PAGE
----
7 Tips for Avoiding Office Gossip

One of the most brutal and destructive of all negative elements in any office environment is office gossip. In a lot of cases it is hostile, and sometimes malicious. Office gossip can often be considered "abuse by other means". Experienced managers and supervisors don't like it, and try to crack down on it, because of the serious damage it can do in the workplace. It can fragment working relationships beyond repair, and create factions in the office. In some cases it can create potentially dangerous situations involving violent confrontations.

Workplace gossips are persona non grata with managers and supervisors for other reasons, too. They're troublemakers by definition, and their behavior inevitably creates problems, intentionally or otherwise. Any gossiping is done at the expense of the employer's time and against the interests of other employees. It's often in the employer's best interests to get rid of the gossips to improve staff morale and to send a message to any wannabe gossips.

Important: Managers and supervisors dislike known associates of office gossips, too, as potential spreaders of gossip. Do not associate voluntarily with office gossips, and don't be seen with them, even accidentally, if you can avoid it.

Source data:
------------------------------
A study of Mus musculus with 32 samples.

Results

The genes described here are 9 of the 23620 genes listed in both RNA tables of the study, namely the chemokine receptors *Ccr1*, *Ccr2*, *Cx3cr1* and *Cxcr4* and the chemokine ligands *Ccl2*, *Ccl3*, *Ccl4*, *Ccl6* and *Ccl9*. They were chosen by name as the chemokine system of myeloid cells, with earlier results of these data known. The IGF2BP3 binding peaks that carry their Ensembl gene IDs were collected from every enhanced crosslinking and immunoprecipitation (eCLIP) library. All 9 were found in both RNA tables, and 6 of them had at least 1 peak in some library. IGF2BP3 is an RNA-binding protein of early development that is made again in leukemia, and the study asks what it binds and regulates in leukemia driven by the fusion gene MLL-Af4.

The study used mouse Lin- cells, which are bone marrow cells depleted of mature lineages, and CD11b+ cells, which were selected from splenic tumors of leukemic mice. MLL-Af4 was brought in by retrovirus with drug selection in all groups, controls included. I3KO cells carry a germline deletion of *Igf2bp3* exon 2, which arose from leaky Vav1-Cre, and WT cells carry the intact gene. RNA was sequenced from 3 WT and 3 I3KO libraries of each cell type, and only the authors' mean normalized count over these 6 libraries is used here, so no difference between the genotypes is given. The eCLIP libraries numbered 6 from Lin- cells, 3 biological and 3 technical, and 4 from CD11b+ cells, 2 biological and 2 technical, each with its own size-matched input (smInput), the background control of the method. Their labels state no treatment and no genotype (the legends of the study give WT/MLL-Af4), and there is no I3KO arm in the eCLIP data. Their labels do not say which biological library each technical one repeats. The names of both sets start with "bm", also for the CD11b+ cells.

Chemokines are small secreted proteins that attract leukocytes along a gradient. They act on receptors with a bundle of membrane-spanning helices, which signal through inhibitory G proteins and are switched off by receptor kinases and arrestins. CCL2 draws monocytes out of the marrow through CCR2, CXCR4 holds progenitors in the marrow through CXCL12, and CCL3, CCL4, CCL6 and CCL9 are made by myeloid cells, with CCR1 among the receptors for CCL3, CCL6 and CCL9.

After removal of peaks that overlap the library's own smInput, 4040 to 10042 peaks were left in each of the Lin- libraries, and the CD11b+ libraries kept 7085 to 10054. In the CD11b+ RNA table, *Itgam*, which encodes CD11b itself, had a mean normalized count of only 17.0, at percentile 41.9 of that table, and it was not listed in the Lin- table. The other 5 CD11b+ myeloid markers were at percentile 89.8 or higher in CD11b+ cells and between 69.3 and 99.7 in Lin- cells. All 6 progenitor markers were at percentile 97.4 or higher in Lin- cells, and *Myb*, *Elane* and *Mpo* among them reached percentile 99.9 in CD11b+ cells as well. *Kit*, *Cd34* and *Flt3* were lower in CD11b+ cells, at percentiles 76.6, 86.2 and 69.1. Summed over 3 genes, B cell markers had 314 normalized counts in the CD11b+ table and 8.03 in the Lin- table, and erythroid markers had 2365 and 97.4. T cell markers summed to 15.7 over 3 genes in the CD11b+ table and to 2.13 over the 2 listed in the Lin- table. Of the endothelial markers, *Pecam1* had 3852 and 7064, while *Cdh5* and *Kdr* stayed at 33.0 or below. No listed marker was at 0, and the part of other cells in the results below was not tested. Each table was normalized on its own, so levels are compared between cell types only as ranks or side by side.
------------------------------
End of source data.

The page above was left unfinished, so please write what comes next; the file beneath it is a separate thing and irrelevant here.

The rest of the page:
How to stay out of the gossip loop

Avoiding office gossip can be very difficult, particularly if you've been inflicted with the office gossip as a workmate, but it is possible. This is a case of "What you don't know can help you":

1.Don't participate in any office gossip session. Find an excuse, invent a reason, but get out of the talking zone.

2.Don't respond to information: If you seem interested, you'll get your ears talked off. Total silence is a good killer of gossip. The average office gossip may be mentally quite a few cents short in the dollar, but they'll get the message.

3.Be negative, or look interested: Office gossips need a good audience. If you don't meet the criteria, you'll be avoided in future. If someone tells you later you're considered standoffish, you've succeeded in getting out of the loop.

4.Don't repeat anything you've heard: Meaning anything at all. This is a conversational habit to avoid. It's natural, when discussing any subject, to refer to information you've received. Don't do it. Let the subject go, don't promote discussion.

How to avoid being the subject of gossip

Gossip about anybody can be created out of thin air. Gossips don't seem to care, as long as their mouths are moving. To avoid being a subject:

1.Keep your personal affairs private: Do not discuss with anyone any important or sensitive information, particularly about relationships, which are common gossip fodder. There will be no facts to back up any gossip.

2.Make sure the people you talk to aren't gossips: It's easy enough to just mention a name to someone, and if you start hearing gossip as a result, avoid that person. Go into your "staying out of the gossip loop" routines when speaking to them.

3.Keep your professional work secure: Some of the most malicious gossip is work-related. The best defense is ensuring no information is available.